Kenya's Prime Minister Raila Odinga has had an operation to remove fluid on the brain, doctors say, after initial reports he had been hospitalised for exhaustion.
Neurosurgeon Oluoch Olunya, who carried out the operation, said he was recovering in the Nairobi Hospital.
"I'd like to assure the country he is actually well," he said.
The BBC's Peter Greste in Nairobi says Mr Odinga, 65, has been one of Kenya's most energetic politicians.
In recent months, he has been campaigning particularly hard to win support for a new constitution, with no questions about his physical fitness.
So our correspondent says Tuesday's statement from his press spokesman came as something of a surprise.
He had said Mr Odinga, was fit to work but had been advised to rest.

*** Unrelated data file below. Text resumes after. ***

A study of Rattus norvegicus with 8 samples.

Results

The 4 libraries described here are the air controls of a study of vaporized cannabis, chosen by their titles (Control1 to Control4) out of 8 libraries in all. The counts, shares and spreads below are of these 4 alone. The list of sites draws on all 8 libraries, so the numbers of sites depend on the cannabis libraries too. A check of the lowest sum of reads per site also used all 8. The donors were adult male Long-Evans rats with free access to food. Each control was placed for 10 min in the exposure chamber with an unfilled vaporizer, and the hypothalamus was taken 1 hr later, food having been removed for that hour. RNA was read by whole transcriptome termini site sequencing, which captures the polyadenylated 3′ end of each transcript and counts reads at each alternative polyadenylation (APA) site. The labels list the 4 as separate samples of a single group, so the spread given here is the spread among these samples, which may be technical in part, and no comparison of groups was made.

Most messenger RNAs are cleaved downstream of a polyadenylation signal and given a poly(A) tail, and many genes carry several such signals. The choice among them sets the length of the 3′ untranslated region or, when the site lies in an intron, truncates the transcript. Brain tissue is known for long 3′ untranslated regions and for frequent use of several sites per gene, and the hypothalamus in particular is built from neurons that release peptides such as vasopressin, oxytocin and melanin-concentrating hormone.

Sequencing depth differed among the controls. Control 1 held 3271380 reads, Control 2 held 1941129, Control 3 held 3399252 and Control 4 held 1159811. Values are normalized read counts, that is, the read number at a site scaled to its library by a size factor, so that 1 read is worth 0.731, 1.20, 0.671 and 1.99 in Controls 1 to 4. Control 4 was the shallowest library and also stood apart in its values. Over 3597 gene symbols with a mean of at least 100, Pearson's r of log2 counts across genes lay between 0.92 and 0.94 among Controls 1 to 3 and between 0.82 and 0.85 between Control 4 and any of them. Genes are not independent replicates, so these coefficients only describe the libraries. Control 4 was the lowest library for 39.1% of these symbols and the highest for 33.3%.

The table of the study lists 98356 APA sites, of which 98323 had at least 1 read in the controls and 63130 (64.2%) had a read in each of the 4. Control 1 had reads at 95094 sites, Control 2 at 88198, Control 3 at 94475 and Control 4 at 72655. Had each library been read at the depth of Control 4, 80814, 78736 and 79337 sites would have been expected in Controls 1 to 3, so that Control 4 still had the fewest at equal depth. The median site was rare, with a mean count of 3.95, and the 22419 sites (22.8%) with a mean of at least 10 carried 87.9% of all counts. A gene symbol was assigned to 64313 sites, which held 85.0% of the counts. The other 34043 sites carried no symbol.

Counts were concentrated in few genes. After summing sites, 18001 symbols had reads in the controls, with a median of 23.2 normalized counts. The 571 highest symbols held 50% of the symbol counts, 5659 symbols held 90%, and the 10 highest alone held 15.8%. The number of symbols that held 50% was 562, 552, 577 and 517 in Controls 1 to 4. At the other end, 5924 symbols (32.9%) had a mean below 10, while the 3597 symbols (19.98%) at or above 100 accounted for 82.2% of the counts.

Mr Olunya said the prime minister had checked himself into hospital on Monday afternoon, complaining of a headache and fatigue.
He said there had been a build-up of pressure, which was relieved when some fluid was removed through a small opening in the skull.
Mr Olunya said the pressure might have been caused by him hitting his head while in a car three weeks ago.
"He is sitting comfortably in his room," he told journalists, adding that the prime minister should be fit to leave hospital in five days' time.
Until now, most of the questions about the health of Kenya's political leaders have been directed at President Mwai Kibaki, our correspondent says.
He disappeared from public view shortly after he was first elected in 2002, and rumours persisted that he had suffered a stroke.
His staff, however, consistently denied he had suffered anything beyond minor health issues.
Mr Odinga has been prime minister since 2008 under a deal brokered to end months of violence after his supporters claimed he had been cheated of victory by allies of President Kibaki.
The coalition government remains shaky but both men are campaigning in favour of the new constitution ahead of a referendum due in August.